Johns Hopkins-led consortium gets $200 million to fight top global health threat: tuberculosis


The money from the U.S. Agency for International Development, to be spent over the next five years, will boost research into diagnostics, treatments, transmission control and prevention of TB, a bacterial infection that normally infects the lungs.


The disease has a massive global impact, killing an estimated 1.5 million people a year. The World Health Organization reports that the coronavirus pandemic has interrupted detection efforts, and that case reports were down 20% last year, though death rates rose for the first time since 2012.

The international collaboration is part of the effort to eliminate the disease, Johns Hopkins officials said. The findings will be given to local and national governments, health institutions and support groups.


“This extraordinary investment from USAID will enable us to have a transformational impact on global efforts to end TB and will provide unparalleled research, strategic development and policy support opportunities for Johns Hopkins Medicine and our collaborators around the world over the next five years,” said Dr. Richard Chaisson, who is helping head the consortium called SMART4TB.

“Additionally, we’ll be able to strengthen and empower the people, organizations and communities directly fighting TB in the areas most affected by the disease,” said Chaisson, also director of the Center for Tuberculosis Research in the Johns Hopkins University School of Medicine.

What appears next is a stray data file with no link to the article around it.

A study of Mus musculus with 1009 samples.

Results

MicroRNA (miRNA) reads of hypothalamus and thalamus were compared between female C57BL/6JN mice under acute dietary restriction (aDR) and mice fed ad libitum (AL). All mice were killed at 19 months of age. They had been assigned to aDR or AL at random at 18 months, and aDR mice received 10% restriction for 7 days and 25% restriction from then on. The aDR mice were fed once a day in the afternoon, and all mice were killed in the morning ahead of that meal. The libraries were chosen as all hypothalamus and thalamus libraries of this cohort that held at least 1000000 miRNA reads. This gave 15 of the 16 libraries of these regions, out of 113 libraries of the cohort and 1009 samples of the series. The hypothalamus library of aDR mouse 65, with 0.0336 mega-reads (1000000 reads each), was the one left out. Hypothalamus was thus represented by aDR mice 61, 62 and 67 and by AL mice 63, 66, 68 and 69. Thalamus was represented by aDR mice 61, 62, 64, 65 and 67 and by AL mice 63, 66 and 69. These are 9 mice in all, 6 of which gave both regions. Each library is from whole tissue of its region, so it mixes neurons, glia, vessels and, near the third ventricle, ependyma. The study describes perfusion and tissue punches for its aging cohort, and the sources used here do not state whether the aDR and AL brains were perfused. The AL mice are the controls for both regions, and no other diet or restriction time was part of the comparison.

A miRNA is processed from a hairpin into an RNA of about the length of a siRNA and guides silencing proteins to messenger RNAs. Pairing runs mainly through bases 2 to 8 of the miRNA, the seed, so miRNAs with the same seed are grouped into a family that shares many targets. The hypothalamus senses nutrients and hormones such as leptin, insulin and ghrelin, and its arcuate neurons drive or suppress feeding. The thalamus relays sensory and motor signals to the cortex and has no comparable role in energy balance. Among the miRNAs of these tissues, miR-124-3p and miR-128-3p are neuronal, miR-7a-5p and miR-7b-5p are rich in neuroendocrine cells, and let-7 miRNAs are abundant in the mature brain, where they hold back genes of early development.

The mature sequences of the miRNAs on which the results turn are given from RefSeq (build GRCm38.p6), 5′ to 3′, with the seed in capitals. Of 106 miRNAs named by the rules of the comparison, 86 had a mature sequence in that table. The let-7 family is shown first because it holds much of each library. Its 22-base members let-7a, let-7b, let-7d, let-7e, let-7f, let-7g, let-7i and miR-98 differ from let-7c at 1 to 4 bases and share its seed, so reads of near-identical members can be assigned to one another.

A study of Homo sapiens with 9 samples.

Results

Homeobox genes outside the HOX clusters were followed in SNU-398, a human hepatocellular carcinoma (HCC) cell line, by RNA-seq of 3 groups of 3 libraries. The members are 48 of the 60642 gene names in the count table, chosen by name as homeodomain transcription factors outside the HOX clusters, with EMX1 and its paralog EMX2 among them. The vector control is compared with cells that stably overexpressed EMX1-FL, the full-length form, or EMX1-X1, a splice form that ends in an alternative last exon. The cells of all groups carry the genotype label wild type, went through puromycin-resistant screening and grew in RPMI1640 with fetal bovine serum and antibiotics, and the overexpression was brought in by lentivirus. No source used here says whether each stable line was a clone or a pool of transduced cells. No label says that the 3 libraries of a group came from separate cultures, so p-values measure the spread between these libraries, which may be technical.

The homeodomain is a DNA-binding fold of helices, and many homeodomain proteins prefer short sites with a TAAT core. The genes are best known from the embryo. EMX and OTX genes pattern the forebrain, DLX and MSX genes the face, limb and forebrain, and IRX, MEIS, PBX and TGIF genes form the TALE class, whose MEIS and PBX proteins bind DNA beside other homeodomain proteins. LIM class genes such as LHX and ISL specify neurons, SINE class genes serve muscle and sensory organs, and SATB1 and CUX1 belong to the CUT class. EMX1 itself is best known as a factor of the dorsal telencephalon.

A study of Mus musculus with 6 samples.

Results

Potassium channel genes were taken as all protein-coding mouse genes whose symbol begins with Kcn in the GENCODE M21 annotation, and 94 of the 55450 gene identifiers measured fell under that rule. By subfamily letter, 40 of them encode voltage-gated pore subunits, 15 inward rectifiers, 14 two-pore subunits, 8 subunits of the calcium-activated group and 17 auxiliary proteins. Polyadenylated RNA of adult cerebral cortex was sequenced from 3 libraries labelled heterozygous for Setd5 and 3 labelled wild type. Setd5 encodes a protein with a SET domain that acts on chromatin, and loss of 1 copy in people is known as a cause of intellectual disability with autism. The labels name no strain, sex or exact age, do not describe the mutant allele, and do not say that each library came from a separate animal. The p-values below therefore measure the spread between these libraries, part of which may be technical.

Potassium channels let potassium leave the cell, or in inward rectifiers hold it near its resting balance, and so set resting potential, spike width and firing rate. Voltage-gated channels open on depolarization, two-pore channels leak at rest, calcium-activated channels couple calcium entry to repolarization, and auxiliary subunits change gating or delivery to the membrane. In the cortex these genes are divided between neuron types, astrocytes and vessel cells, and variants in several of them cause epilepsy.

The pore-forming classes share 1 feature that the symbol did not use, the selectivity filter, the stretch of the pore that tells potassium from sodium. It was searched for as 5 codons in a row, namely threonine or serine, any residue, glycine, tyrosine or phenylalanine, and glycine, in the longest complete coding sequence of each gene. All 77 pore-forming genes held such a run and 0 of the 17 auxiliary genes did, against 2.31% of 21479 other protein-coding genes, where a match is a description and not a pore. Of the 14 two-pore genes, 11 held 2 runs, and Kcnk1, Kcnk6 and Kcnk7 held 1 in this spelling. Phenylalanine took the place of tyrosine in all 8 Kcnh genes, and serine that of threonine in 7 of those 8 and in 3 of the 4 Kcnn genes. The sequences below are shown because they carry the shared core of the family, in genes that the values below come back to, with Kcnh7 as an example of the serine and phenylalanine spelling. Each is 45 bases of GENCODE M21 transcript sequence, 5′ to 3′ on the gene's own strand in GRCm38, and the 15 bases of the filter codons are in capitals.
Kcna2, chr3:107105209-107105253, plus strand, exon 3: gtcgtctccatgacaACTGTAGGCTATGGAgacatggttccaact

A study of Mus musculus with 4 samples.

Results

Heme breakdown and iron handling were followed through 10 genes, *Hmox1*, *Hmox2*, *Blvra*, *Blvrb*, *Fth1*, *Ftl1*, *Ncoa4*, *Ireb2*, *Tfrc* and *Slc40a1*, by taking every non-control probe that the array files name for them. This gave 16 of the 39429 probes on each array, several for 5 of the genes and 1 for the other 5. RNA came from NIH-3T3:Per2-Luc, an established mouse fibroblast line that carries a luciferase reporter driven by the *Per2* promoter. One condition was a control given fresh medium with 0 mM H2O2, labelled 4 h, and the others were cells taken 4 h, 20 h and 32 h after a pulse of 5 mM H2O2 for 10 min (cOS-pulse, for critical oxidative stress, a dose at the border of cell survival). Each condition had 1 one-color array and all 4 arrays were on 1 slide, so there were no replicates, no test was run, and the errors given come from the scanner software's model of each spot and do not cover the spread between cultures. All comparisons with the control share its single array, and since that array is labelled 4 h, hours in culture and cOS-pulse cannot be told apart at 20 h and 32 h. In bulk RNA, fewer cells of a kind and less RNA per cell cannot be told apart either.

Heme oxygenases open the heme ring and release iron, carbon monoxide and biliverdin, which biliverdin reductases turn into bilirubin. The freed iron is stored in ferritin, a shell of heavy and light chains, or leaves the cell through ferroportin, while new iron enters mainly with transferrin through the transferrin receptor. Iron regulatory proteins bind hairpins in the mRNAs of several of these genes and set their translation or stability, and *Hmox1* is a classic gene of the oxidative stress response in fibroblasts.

Partners in the effort are the University of California, San Francisco’s Center for Tuberculosis; the KNCV Tuberculosis Foundation; the Elizabeth Glaser Pediatric AIDS Foundation; and the Treatment Action Group.

The World Health Organization reports that countries with the highest rates of TB include India, China, Indonesia, the Philippines, Pakistan, Nigeria, Bangladesh and South Africa. They account for two-thirds of new cases.

While rates in this country are far lower, the U.S. Centers for Disease Control and Prevention reports the disease continues to be found. There were 7,860 cases reported in 2021 for a rate of 2.4 per 100,000 people. Up to 13 million are estimated to be living with latent TB, where people have no symptoms and can’t spread the infection but can go on to develop the disease, especially if they have weakened immune systems.